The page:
Customs compliance should be a key element of every importer’s operational structure. For many legacy companies, their sourcing may have begun with domestic companies. The need to ensure compliance with import regulations from multiple government agencies may not have been necessary for what they were buying. However, as companies took steps to remove cost and layers from their supply chains, they became importers of record and subject to regulations from multiple government agencies. Here are three reasons that importers should have a Customs compliance program.
A proactive compliance program saves money and reduces risk.
Importers are businesses. As such, there are already investments made for accounting, insurance, human resources and other proactive steps which protect the health of the business and ensures continuity and protection. A Customs compliance program is no different.
- Are classifications reviewed before entry for duty rate and trade program eligibility?
- Are the goods or their packaging marked correctly with the country of origin?
- If an agricultural commodity, is it permitted entry into the United States?
- If potentially subject to antidumping, has a scope determination been obtained to avoid unnecessary risk?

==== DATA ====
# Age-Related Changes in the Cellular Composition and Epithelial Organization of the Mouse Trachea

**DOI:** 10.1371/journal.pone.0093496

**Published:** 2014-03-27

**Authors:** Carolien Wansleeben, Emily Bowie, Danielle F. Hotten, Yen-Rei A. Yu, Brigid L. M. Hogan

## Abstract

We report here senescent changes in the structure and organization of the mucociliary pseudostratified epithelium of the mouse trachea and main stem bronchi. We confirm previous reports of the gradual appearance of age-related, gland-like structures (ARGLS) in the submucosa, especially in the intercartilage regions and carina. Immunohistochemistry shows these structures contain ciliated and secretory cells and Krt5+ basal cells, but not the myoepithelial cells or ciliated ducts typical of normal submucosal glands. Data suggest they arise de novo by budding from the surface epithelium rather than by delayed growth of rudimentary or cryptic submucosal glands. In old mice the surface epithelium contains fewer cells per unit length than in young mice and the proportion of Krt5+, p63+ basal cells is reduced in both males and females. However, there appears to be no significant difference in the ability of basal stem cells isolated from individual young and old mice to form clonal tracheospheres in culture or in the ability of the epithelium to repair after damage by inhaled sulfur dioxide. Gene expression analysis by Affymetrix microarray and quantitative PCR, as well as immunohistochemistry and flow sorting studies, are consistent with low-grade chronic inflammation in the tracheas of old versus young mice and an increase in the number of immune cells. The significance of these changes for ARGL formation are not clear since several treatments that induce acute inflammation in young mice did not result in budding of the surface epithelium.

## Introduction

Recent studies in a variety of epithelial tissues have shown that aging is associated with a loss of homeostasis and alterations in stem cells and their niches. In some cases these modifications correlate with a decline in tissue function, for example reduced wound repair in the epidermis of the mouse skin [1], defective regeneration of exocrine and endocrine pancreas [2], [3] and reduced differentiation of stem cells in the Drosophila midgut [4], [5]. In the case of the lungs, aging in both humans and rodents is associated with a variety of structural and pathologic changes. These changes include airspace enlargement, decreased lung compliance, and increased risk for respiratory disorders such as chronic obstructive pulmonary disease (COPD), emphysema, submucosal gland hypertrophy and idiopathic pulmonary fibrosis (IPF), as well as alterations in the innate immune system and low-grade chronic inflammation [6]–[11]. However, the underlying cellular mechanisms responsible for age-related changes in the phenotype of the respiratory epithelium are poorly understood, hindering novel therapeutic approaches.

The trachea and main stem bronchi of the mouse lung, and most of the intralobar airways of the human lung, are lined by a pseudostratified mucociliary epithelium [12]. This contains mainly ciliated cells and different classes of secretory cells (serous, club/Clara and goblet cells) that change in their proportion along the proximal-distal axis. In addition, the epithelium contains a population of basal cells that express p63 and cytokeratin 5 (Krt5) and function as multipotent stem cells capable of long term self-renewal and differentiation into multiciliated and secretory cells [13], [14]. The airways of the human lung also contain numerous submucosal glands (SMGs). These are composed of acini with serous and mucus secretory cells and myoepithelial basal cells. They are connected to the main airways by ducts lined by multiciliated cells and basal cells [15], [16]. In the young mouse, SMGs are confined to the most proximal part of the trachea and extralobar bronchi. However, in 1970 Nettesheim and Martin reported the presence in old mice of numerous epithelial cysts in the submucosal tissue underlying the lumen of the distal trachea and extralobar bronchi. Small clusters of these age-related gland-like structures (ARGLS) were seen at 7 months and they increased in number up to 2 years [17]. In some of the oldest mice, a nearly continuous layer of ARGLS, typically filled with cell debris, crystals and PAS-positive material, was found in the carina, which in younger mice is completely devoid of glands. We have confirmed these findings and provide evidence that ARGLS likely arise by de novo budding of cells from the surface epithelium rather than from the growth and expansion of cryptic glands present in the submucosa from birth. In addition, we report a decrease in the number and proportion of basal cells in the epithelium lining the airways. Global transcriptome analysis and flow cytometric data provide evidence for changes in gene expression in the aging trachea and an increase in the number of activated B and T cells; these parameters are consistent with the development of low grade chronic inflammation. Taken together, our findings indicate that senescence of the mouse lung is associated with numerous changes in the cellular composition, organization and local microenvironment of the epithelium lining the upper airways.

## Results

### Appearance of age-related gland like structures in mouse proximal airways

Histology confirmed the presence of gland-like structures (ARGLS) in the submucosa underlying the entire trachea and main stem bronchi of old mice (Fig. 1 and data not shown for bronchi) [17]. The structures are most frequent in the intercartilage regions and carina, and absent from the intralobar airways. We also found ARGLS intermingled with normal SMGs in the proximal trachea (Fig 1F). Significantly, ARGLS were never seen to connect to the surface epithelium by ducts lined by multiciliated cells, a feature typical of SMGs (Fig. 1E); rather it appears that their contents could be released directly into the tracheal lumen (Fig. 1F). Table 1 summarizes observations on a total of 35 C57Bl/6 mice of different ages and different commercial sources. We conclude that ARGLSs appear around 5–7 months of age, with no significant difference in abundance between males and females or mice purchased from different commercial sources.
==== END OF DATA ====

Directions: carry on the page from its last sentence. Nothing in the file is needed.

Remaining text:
These are reasonable questions that if an importer has a process in place can ensure that goods are brought in at the lowest possible duty rate with the fewest possible delays because of the due diligence done prior to entry to ensure complete admissibility.
It is never too late to undertake a review and implement corrective actions and take proactive steps.
Importers who have not had a compliance program may ask themselves, “Our company has been importing for years. It’s too late to try to institute these processes today.” At Zarach, we emphatically deny this and caution importers that it is never too late to implement a compliance program. A proactive analysis of an importer’s records could yield examples where there are issues of non-compliance which could be declared to Customs using a prior disclosure, limiting financial exposure to penalty multipliers within the regulations.
Non-compliance is expensive. Just ask this Texas importer ordered to pay more than a quarter million dollars.
An importer in Texas made a business decision to bring in furniture for use in university dormitories. They told Customs that it was not wooden bedroom furniture which was subject to antidumping duties of well over 200%. Customs disagreed, and the Justice Department levied a civil fine of $275,000 against the company for evading the regulations.
Trust Edward J. Zarach & Associates to craft your Customs compliance program.
As Customs brokers, we understand the regulations that govern the activities of importers. For decades we have helped importers operate their businesses profitably and within the scope of U.S. law. For more information how we can do it for your company, contact us today.